It seems that Phaser has a large chunk of demos, and very well covers the ability to develop 2D arcade style games for desktop keyboard/mouse interaction.


I'm looking to make mobile phone web games that are closer to puzzles than arcade games. I would want to use SVG and webfont symbols rather than png sprites.


To me those requirements should be easy to overcome, but there could be catches.


I also try to be pragmatic and only go for popular frameworks. According to




Phaser is doing pretty well. I find Construct interesting for the editor, but I don't develop on Windows, so that is out. Impacts price tag is no issue, so that seems like the other option.


Has anyone worked with both Phaser and Impact, and is able to weigh the two?


Are there any missing pieces for touch screen navigation ?


How would you do responsive layouts ?


How are CPU/Memory requirements on mobile ?


Is it realistic to load scenes as independent modules with a Canvas element each that can be enabled within 100 ms ?


Any comments are welcome




I'm still a Phaser newbie but I'm in the process of converting a game I'm working on over to Phaser for all the benefits I listed in that thread. Ultimately, I'm confident about where Phaser is going to be in a year (about how long it's going to take me at my current pace to finish my game) over where Impact is going to be in a year.


I don't have a lot of experience writing games for mobile but I will say that pure SVG requires a helluva lot more CPU to decode than raster which makes it a bad fit for mobile when used heavily. Along with all the other reasons Rich gave. It's probably the main reason why even desktop web pages aren't built with tons of SVG despite its prettier appearance and more sane presentation options compared to CSS.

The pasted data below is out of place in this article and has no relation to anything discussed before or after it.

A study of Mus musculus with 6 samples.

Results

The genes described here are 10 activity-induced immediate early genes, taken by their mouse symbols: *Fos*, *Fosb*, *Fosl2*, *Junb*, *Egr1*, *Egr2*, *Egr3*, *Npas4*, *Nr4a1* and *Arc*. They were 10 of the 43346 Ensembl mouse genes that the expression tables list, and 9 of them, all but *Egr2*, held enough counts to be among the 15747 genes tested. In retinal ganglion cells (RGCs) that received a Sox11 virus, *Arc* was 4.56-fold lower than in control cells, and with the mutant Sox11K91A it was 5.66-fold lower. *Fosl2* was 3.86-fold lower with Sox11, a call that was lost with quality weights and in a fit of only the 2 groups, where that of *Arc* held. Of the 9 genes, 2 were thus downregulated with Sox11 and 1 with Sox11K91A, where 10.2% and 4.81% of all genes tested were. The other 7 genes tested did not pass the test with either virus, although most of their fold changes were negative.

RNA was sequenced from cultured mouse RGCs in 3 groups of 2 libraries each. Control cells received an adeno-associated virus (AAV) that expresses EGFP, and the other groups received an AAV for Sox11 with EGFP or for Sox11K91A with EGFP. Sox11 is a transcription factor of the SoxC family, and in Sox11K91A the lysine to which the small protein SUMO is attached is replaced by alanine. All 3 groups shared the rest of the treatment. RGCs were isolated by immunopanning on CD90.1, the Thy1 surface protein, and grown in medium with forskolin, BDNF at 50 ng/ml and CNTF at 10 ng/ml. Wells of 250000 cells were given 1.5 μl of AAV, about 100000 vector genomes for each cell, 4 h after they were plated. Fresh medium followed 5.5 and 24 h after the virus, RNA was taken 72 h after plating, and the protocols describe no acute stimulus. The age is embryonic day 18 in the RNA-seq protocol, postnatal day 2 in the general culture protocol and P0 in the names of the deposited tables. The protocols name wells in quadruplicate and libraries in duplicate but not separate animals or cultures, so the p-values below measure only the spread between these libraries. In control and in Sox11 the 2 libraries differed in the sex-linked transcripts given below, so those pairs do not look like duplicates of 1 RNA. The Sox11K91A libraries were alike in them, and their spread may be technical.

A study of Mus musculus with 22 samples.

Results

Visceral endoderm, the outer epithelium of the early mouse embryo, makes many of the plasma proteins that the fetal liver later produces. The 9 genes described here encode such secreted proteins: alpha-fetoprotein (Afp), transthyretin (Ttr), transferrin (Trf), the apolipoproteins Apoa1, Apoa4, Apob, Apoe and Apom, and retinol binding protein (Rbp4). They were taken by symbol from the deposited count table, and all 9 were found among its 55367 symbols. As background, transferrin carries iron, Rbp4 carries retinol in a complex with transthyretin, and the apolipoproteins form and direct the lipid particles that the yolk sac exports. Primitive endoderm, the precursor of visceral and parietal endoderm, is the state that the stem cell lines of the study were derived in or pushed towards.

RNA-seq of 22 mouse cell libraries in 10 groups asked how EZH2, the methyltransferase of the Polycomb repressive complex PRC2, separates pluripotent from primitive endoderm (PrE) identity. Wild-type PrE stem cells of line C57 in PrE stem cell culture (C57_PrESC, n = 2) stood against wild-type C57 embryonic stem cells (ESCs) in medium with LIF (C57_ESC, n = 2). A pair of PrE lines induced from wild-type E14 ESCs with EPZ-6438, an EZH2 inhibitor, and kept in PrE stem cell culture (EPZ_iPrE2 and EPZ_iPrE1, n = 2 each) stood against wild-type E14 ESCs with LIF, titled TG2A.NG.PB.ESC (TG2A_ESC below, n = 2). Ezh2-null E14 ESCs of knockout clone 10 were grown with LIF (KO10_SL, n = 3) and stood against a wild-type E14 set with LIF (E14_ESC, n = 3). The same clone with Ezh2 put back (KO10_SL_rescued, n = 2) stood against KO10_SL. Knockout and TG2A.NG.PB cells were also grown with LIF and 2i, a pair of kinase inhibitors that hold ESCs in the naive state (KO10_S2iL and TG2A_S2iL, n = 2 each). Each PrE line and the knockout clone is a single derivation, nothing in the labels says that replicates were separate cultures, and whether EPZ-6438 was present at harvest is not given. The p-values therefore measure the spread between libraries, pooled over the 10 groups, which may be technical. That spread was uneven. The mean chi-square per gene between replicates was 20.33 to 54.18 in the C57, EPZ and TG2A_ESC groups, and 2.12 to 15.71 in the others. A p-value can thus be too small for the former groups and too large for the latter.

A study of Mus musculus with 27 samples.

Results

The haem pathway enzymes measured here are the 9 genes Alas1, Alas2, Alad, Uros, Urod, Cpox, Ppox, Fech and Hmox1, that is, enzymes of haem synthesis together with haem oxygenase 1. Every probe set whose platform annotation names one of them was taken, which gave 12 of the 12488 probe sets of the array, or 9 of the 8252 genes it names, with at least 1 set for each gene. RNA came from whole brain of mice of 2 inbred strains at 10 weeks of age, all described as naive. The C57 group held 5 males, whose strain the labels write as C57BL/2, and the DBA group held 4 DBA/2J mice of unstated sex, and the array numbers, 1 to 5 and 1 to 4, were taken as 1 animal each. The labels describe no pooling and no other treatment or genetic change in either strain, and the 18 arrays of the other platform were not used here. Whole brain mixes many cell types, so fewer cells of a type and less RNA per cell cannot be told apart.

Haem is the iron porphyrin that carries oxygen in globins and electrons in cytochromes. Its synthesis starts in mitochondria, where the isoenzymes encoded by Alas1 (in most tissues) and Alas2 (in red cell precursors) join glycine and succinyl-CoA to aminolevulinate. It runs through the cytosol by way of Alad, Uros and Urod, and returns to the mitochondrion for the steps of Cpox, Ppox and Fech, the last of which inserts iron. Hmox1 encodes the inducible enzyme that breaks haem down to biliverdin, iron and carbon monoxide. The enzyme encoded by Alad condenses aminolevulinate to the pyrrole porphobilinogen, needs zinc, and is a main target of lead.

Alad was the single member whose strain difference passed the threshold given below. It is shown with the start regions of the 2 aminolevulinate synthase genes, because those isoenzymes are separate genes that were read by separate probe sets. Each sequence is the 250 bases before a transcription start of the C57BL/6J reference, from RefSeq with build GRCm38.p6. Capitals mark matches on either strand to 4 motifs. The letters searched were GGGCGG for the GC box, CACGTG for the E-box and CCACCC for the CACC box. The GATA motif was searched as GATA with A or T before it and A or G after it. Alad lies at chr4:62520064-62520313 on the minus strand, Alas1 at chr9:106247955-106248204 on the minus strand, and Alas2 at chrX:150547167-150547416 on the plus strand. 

From reading the docs, I think Phaser has a more complete touch input story than Impact. No "native" touch support in Impact, for example, versus all the touch-related properties and methods in Phaser. Impact doesn't "natively" support GUIs, either. Most Impacters write custom GUI code or use Impact++. Definitely check that out as it's the unofficial Impact 2.0.


That said, Phaser's API is pretty sprawling compared to Impact's. If you're new to JS, or new to gamedev, Impact might be a better bet since it gives you fewer options for how to structure things vs Phaser – states or no states, multiple states, derive my own custom Sprite class or not, which physics system WebGL vs not, etc. The API docs for both are great (nice update to the Phaser docs, BTW! I'm a huge fan of the new format!) and are worth a deep read to see what you're getting into.


Overall, Impact feels a little "batteries not included" compared to Phaser. Plus, from an engineering perspective, a team of people work on Phaser open-source while Dom, the author of Impact, is working by himself closed-source whose last official release was in July of 2014. Nothing against Dom; I've gotten a lot of value from Impact after buying it in 2010 and think the world of the framework.


Why the specific requirement to have separate canvases with that timing?



I'm not making a game in the traditional sense, but a story that switches between scenes which are sometimes mini-games, so I want to chop the game into parts that can be sequenced dynamically based on the progress. I'd like to make it so a non-programmer can do that with a visual tool. Hence it should be possible to launch a game scene with parameters determining the game details and start that game with no noticeable delay. The actual figure what arbitrary within the range that most users wouldn't notice.